Balance of Payments and government expenditure figures released this morning showed the drag on Q4 GDP from net exports won’t be quite as bad as first feared.
According to the ABS, net exports are expected to subtract 0.5 percentage points from quarterly GDP — slightly less than the median economist forecast for a 0.6% decline.
“Goods exports fell by 1.7% in Q4 to be 0.9% lower over the year. Service exports expanded by a robust 6.6% during 2017 despite a 1.9% dip in Q4,” said Westpac economist Andrew Hanlan.
“Exports are expected to perform better in 2018 as additional capacity in the gas sector comes on stream.”
However, data for the December quarter also showed Australia’s current account deficit increased to $14.024 billion in seasonally adjusted terms — higher than than the $12.2 billion expected and an increase of $3.011 billion since the September quarter.
Net goods exports contributed a further $1.922 billion to the deficit in the December quarter, driven largely by a 7.7% fall in exports of rural goods offset against an increase in total imports.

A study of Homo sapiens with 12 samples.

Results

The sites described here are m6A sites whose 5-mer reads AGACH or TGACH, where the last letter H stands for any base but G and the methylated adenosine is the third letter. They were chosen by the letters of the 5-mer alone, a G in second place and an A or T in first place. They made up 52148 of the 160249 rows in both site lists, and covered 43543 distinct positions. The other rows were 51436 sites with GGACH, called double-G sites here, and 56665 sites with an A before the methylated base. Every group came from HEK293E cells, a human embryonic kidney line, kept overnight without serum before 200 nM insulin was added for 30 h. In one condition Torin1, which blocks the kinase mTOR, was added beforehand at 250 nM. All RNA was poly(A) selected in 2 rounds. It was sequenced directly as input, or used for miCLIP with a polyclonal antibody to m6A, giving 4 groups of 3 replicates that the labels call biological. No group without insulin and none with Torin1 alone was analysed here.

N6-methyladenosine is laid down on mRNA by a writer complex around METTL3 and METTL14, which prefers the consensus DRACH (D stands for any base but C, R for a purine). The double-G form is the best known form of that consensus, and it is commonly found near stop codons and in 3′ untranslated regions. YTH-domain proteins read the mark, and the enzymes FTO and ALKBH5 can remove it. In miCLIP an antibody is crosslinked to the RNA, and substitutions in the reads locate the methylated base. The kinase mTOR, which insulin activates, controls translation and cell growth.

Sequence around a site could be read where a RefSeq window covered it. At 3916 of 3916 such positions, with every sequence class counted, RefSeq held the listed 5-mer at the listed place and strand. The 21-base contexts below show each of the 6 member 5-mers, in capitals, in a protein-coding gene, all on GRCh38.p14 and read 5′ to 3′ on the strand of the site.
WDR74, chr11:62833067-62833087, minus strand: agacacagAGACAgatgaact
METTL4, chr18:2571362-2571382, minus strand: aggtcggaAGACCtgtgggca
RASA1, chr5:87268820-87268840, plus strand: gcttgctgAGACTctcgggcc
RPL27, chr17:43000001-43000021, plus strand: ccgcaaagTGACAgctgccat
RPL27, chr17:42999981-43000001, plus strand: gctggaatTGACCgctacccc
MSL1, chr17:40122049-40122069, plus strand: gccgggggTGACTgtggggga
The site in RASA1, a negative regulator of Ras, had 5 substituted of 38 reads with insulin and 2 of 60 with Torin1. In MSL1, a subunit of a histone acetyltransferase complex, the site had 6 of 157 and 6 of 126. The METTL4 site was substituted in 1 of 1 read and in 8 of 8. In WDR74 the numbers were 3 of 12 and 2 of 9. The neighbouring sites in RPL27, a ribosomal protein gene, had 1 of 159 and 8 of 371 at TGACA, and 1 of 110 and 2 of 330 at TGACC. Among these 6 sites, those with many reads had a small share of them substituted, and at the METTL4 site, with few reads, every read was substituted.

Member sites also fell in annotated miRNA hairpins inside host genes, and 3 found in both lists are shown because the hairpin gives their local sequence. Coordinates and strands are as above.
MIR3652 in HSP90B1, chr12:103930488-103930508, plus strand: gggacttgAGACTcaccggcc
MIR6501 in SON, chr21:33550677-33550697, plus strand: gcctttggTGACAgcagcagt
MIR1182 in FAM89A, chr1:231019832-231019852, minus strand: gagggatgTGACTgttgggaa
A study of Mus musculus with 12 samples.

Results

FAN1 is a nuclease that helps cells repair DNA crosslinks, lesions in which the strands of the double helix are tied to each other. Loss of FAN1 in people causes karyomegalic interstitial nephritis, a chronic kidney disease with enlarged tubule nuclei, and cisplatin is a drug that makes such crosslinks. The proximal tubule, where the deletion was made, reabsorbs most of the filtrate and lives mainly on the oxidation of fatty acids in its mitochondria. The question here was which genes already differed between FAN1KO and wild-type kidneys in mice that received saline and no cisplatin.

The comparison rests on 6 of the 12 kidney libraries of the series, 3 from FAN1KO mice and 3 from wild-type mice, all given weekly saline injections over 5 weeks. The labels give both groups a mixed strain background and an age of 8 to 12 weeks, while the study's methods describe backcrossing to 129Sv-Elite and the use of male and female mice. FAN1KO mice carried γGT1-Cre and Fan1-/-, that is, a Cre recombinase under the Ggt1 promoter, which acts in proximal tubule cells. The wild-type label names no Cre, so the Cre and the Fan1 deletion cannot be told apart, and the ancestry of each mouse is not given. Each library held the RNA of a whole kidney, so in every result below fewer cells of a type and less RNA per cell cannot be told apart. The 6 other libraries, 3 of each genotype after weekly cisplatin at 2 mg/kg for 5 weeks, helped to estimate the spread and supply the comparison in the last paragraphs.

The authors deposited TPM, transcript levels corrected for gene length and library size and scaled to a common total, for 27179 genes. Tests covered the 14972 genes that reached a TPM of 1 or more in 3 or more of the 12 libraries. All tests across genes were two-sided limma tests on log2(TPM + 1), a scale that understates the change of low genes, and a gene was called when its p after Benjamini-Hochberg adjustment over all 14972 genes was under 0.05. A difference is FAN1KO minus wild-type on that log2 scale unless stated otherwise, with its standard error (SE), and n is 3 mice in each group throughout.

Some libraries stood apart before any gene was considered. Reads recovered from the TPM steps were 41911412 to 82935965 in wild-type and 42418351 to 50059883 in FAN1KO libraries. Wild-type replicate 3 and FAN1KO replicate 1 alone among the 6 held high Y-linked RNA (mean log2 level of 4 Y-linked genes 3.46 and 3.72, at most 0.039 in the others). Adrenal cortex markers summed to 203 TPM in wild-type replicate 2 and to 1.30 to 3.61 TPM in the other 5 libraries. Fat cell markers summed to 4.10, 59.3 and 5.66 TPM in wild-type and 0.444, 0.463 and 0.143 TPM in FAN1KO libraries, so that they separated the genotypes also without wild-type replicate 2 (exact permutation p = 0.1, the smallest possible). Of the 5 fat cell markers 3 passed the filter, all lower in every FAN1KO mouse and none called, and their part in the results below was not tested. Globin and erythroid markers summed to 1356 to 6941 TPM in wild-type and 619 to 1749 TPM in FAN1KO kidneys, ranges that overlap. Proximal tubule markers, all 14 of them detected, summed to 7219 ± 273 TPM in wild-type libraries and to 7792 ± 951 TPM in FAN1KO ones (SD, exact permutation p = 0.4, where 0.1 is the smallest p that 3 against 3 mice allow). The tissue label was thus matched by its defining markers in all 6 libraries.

This table show from the ABS shows the contribution of net goods and services to the Q4 current account balance, in seasonally adjusted terms:
The ABS said government investment also increased in the December quarter, which also bodes well ahead of tomorrow’s GDP report.
“The figures released on net exports and government spending in the fourth quarter were stronger than we had expected,” said Capital Economics economist Kate Hickie.
“After rising by just 0.2% q/q in the third quarter, government spending increased by 1.7% q/q in the fourth quarter. Public investment also rose by 2.9% q/q.”
“Together with our view that real consumption growth rebounded in the fourth quarter, we now estimate that tomorrow’s GDP release will show that GDP growth remained at 0.6% q/q in the fourth quarter (compared to our previous estimate of +0.5% q/q).”
Factoring in some downside surprises from yesterday’s company profits and inventories data, Westpac’s forecast for quarterly GDP has been revised down to 0.4%.
The Australian dollar was little-changed in the wake of this morning’s data dump — which also saw the release of January retail sales data — a short time ago trading at 0.7783 US cents.